Economist: Expect boom in medical offices


That’s the prediction of Gary Shilling, an economist and investment adviser, writing in a new report from the Urban Land Institute, based in Washington, D.C.

The 2010 health care reform law will create taxpayer-funded subsidies to help an additional 16 million Americans buy health insurance and help states extend Medicaid benefits to another 16 million people.

Those new beneficiaries will, by 2019, create a need for about 64 million new square feet of medical office buildings, according to estimates by National Real Estate Investor, a trade publication.

That will be an increase in demand of 11 percent from present trends, Shilling wrote. On top of that, the aging of the baby boomers and population growth will add 8-percent growth in medical office demand, he said.

Medical office buildings "will not be plagued in future years by continuing excess capacity, as is the case with residential real estate, malls, and office buildings,” Shilling wrote.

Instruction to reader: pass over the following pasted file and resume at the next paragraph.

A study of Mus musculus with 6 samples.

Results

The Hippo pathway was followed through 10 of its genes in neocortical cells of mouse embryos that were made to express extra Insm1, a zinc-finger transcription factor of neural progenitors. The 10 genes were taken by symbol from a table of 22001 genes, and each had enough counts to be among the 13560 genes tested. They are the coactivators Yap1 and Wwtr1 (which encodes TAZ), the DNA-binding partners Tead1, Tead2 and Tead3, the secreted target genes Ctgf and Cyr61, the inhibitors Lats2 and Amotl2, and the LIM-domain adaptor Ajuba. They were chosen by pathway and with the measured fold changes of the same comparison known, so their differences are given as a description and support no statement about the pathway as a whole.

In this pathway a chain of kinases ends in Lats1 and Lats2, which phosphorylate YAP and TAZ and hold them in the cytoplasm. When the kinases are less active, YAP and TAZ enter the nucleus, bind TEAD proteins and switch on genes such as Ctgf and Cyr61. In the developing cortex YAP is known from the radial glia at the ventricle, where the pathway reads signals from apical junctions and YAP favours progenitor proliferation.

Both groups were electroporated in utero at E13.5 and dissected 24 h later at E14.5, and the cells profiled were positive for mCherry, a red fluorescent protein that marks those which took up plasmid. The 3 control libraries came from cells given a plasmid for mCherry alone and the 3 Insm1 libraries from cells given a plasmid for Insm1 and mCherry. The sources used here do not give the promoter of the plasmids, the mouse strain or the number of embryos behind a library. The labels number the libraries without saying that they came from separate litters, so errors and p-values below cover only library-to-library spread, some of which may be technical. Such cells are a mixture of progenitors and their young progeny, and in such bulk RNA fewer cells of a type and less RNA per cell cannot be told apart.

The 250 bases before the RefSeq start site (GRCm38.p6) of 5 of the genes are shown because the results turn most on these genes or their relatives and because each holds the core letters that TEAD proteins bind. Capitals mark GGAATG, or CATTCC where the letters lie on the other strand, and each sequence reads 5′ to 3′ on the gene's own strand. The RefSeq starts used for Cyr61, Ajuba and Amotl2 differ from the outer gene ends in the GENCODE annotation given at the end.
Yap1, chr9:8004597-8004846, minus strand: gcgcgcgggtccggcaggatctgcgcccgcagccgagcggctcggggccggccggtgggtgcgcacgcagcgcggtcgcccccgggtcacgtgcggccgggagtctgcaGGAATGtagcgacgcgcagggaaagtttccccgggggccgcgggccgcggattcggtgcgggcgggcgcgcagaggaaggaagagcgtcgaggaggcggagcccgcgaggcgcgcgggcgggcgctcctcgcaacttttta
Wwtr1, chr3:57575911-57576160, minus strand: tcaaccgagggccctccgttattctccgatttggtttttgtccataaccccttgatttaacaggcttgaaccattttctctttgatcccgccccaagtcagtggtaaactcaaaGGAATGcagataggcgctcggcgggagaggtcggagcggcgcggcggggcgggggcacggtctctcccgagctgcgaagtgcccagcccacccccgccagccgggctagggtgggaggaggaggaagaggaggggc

Indeed, his report includes data showing that vacancy rates in medical office buildings were about 12 percent last year and trending down, compared with 18 percent for general office buildings.

Sales prices per square foot in medical office buildings ticked down during the recession, from about $240 to $225. But sales per square foot of all office buildings plunged from a peak of $270 to about $170.

New medical office buildings will be in demand as more and more physicians become employees of hospitals, and offices of smaller practices are replaced by larger facilities in which hospital systems combine many specialists into one building, Shilling wrote.

There may also be need for new space to accommodate new computer systems and electronic-medical record systems now being required by federal health insurance programs.

“Medical care will continue to grow rapidly and steadily for two basic reasons—it is an essential human service, and it is heavily supported by the government,” Shilling concluded.